Schools are a place of learning and not just for our students!

Wednesday 03 Nov 2021

Teacher professional development and learning opportunities are incredibly important in sustaining a quality learning environment.

At Living Faith, our teachers annually undertake their own research projects known as ‘prototyping’. Teachers conduct empathy deep dives with their students each year to determine an area of interest or a challenge. They brainstorm a big question or challenge, immerse in extensive research and then prototype a solution in their classrooms. Each teacher team collects ongoing data to measure the success of the prototype eg student engagement, or achievement. This data then informs the next steps in their research project. Over the year, teachers critically reflect on their prototype before presenting their findings to the rest of the teaching staff. This allows all teachers to learn from the research of others.

This year, our Prep teachers have been focused on increasing student engagement through integrating more play-centred approaches in all curriculum areas. Teachers tracked student engagement in tasks and made observations about students willingness to approach challenging tasks. They found that students became much more engaged in their learning with a play-centred approach, particularly in areas that they found challenging, such as writing. Students’ attitudes also shifted as they viewed learning as fun instead of just ‘work’. This meant students were more likely to persist with tasks and engage in more organic peer teaching.

The Year 1 team haS been focussing on improving reading outcomes across the year level. They began their prototype by looking closely at the challenges students face at this age, such as sight word knowledge, regular practice, decoding difficulties and comprehension. The team created a peer buddy program with Year 5 students to provide greater opportunities for Year 1 students to read out loud. New play-centred approaches to learning sight words were also implemented to improve student engagement. This reading initiative saw significant improvement in student reading achievement over the year.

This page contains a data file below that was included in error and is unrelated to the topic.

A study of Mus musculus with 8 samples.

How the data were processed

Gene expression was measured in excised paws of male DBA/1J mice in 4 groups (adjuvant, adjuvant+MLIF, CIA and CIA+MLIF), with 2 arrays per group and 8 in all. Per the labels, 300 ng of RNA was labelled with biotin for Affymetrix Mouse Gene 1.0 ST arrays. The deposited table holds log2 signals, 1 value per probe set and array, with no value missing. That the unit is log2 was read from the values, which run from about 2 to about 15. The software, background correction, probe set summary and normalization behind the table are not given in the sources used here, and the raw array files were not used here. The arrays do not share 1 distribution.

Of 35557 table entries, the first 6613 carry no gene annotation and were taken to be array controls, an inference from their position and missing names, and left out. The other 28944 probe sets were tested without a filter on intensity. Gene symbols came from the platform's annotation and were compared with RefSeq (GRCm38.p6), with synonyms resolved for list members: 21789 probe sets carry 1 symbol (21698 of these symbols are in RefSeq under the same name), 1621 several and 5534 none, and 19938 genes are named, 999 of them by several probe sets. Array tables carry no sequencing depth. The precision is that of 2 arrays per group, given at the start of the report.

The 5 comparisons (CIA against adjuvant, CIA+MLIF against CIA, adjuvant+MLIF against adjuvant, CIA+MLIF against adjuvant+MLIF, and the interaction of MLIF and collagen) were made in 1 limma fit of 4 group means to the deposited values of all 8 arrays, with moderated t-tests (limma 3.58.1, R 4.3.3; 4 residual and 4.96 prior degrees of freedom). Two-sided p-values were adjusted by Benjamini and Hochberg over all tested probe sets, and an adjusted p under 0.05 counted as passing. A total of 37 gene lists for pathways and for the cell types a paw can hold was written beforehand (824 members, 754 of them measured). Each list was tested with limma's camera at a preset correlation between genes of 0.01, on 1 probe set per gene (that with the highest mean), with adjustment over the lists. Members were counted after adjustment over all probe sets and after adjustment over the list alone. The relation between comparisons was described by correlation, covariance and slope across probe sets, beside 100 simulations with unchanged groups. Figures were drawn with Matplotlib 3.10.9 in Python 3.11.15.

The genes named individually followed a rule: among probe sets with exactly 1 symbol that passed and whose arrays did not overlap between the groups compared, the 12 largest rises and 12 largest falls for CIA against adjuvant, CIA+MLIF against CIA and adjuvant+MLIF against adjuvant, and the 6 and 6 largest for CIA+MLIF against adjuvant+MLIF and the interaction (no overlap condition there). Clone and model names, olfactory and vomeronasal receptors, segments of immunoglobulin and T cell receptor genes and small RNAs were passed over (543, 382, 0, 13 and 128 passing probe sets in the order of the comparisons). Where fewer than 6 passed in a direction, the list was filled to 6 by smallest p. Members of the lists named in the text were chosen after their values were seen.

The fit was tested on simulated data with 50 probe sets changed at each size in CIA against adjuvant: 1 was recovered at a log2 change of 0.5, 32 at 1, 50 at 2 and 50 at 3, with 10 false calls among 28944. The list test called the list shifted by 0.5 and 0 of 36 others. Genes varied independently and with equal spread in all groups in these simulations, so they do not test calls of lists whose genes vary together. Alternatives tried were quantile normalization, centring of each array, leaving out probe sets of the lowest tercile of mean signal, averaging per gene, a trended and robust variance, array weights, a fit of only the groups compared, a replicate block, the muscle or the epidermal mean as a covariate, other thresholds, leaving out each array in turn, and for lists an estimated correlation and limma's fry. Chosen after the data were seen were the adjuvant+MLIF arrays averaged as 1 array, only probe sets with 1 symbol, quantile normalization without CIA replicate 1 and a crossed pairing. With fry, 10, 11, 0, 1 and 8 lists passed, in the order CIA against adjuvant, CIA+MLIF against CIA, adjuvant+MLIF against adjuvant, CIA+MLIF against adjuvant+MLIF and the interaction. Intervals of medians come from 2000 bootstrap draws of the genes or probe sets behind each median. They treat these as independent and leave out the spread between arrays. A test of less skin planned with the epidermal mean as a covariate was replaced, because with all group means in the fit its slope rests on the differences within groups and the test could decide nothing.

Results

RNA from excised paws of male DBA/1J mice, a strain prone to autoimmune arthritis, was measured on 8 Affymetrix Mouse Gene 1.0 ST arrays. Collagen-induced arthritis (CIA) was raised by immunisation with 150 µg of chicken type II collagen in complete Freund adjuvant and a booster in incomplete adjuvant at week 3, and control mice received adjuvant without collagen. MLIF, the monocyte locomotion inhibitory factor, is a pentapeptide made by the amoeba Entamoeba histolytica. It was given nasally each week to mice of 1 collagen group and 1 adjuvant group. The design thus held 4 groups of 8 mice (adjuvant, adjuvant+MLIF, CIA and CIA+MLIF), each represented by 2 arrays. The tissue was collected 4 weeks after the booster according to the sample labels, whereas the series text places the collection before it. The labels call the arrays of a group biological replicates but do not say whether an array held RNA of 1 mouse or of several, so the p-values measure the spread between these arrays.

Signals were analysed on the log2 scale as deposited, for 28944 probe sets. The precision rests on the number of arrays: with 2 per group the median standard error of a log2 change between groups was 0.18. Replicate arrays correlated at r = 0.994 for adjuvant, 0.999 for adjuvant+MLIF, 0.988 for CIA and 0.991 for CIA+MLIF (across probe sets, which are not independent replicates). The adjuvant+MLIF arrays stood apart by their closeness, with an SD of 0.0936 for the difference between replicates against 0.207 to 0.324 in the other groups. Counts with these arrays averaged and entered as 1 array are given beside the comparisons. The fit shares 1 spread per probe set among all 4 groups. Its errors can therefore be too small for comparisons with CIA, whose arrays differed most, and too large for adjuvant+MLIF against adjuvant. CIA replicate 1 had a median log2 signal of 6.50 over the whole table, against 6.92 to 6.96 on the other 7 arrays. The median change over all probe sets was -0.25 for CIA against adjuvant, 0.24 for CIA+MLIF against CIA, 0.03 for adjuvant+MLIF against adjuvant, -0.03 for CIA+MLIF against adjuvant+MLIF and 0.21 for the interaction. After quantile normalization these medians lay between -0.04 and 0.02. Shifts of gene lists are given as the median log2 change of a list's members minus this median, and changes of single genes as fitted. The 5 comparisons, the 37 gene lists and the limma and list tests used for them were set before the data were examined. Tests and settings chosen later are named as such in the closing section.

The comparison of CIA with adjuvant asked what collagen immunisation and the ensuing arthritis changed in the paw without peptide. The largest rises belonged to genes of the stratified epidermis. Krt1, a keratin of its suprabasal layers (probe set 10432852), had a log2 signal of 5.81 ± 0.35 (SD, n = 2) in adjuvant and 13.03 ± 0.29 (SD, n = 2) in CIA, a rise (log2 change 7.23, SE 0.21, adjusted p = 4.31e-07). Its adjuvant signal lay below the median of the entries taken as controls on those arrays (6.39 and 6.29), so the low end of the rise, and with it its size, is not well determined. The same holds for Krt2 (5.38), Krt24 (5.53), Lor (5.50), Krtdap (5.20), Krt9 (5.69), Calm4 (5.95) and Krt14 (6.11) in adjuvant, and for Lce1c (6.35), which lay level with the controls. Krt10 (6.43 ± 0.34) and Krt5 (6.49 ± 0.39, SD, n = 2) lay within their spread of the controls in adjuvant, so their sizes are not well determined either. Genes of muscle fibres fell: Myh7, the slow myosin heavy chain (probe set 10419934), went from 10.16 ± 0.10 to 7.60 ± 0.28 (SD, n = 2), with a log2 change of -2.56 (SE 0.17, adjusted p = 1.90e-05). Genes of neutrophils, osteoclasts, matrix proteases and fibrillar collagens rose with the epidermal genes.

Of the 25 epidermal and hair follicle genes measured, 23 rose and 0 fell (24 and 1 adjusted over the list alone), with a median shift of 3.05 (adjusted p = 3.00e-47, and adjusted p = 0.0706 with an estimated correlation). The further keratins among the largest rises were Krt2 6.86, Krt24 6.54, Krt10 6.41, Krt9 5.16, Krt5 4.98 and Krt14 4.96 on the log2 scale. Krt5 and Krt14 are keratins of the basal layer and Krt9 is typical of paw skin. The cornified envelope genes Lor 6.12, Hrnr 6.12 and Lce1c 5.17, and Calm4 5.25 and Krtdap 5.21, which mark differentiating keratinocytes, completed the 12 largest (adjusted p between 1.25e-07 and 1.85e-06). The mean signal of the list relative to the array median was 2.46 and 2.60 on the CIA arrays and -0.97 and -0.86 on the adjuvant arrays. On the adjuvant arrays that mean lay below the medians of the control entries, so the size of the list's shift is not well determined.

This year, our Year 2 teachers focussed on furthering collaborative teaching practices. They investigated student attitudes towards different ways of teaching to come up with the best approach to use within the new Year 2 Learning Habitat. The research found that students’ attitudes positively changed once they were immersed in collaborative team teaching. Students particularly enjoyed working as a whole cohort because they could work with new friends and learn from different teachers.

The Year 3 team also focussed on innovative ways to set up and use the new Year 3 Learning Sanctuary. Based on student feedback, teachers set up the learning space based on specific zones rather than set classes. Students come together for explicit teaching as a whole cohort in the stadium and then break apart by selecting a ‘branch’ of the treehouse that suits both the task and their own individual learning needs. Teachers found that students were much more engaged in activities when they had the freedom to choose a working space.

It is deeply encouraging to see teachers developing such forward-thinking, innovative and meaningful projects aimed at enhancing the learning experiences and wellbeing of our students.